BY KEN STICKNEY | STAFF WRITER | THE ADVOCATE
PUBLISHED OCT 20, 2022 AT 4:20 PM | UPDATED OCT 20, 2022 AT 5:56 PM
Carlos Mendez - The Advocate Staff Photo by Brad Bowie
Former Navy SEAL Carlos Mendez told a rapt audience Thursday that the leadership skills he picked up in 22 years of military service provided meaningful preparation for virtually any career he pursued afterward — and he was going to share those insights with the crowd at the Louisiana Gulf Coast Oil Exposition.
Sara Bourque, executive director of LAGCOE, said that experience was why Mendez was “perfect” as keynote speaker for Energy Fest.“The industry is ever-evolving,” she said. “They can bring these principles back to their companies.”
Mendez, an immigrant to the United States as a child, joined the Navy with the intention of becoming a SEAL but had to do extensive training both as a SEAL and as a Special Forces medic. Later, a switch in commanders left him under the guidance of a caring leader who helped him pursue college, become an officer and train for work as an investment banker.
Victory, or success, he said, is not necessarily about the specific skills — he was a medic, sniper, a SEAL team officer and executive officer for SEAL Training Command — but the principles of combat training that form leaders in any field, including energy.
Mendez said SEAL officers learn the laws of combat that can be applied in any organized structure, no matter the business or mission. That includes battlefield teamwork; building relationships with colleagues; communicating with others in simple, clear and concise ways; prioritizing the mission despite secondary problems by allocating assets properly; debriefing to glean lessons about what happened; and decentralizing command so that all have buy-in.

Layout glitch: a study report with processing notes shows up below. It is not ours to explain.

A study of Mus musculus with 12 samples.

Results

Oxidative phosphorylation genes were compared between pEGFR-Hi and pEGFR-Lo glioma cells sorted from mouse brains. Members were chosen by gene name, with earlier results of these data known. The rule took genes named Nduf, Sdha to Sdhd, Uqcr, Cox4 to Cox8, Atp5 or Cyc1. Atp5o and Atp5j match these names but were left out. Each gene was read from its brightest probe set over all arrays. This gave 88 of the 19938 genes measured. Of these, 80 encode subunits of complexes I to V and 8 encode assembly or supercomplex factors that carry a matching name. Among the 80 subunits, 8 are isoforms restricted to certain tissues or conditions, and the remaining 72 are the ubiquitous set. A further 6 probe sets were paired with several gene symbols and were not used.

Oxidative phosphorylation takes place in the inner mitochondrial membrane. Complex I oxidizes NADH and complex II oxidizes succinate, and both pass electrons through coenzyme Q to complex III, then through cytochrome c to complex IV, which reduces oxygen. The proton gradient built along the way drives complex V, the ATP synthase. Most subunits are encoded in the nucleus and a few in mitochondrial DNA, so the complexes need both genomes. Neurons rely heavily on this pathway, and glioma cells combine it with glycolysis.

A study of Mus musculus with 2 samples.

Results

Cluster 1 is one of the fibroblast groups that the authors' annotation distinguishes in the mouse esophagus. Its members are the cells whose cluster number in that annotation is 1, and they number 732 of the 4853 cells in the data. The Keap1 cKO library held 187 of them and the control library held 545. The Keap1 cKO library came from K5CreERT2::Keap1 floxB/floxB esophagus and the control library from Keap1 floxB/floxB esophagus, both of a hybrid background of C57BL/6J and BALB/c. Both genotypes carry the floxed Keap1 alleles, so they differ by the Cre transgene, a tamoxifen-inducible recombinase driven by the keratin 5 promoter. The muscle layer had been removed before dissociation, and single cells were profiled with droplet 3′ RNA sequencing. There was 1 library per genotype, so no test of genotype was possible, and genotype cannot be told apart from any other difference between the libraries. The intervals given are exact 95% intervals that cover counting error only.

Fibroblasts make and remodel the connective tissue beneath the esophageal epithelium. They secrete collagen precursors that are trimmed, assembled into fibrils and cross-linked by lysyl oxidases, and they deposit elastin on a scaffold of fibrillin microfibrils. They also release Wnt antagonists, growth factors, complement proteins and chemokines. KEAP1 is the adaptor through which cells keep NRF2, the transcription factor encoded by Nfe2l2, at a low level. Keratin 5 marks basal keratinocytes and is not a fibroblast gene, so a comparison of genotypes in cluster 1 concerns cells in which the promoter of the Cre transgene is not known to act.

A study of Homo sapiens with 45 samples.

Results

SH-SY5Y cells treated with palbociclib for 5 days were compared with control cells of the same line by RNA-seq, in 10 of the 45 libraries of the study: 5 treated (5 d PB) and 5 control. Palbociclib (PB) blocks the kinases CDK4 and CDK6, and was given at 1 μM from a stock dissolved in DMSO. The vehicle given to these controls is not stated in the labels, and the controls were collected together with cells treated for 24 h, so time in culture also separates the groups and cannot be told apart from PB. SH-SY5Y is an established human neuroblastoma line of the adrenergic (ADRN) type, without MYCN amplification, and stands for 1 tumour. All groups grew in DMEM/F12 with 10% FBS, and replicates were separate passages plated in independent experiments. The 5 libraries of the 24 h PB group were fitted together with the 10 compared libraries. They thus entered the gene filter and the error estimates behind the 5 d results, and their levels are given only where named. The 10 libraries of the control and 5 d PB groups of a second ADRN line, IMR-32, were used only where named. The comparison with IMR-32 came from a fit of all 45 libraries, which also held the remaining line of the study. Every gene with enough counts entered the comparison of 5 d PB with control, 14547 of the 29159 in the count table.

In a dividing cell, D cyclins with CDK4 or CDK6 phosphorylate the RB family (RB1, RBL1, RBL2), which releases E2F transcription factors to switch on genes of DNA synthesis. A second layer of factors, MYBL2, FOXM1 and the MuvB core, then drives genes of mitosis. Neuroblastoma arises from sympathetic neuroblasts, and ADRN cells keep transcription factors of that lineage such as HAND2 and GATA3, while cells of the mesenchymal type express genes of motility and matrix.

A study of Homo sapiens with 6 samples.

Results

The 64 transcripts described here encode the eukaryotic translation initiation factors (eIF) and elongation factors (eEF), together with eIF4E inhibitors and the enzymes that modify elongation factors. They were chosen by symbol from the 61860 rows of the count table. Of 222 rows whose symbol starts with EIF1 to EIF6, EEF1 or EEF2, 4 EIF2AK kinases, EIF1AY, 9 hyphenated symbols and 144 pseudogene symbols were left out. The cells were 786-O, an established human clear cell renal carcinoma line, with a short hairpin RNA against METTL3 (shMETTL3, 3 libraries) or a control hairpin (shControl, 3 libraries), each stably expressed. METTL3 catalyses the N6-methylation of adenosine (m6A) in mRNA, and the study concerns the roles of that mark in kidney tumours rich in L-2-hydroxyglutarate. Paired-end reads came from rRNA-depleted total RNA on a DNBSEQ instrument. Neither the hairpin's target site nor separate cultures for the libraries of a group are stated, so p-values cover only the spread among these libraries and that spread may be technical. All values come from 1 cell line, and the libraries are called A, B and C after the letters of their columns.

“In business and in life,” he said, “if you don’t stop adapting, you will fall behind.”
He said the most important attribute of a leader is humility — knowing that you don’t know all the answers and that your team will better follow you and be successful if you empower them to make tactical decisions to carry out the mission.
“In combat, complacency kills,” he said. The goal for leaders, he said, is “extreme ownership.” That means that, ultimately, success depends on good leaders who make no excuses, don’t blame others for setbacks, and own both the problems and the solutions.“It’s all on you,” Mendez said. “You set the example; others follow.”
Mendez, who works with Echelon Front, a company of 13 combat-proven veterans who offer training and solutions, spoke on the principles found in the books “Extreme Ownership, How U.S. Navy SEALs Lead and Win” and “The Dichotomy of Leadership,” co-written by Jocko Willink and Leif Babin, who both work for Echelon Front.
Attendee Tahanie Thibodeaux, vice president for facilities and maintenance at Arena Offshore in Texas, said he’d read both books on which Mendez’s presentation was based. He said the company embraces the concept of extreme ownership and encourages “doing the right thing the first time.”
Mendez said the combat lessons work not only for military service and on the job but also in one’s personal life, the last of which, he said, demands “humility” in one’s family for the good of all.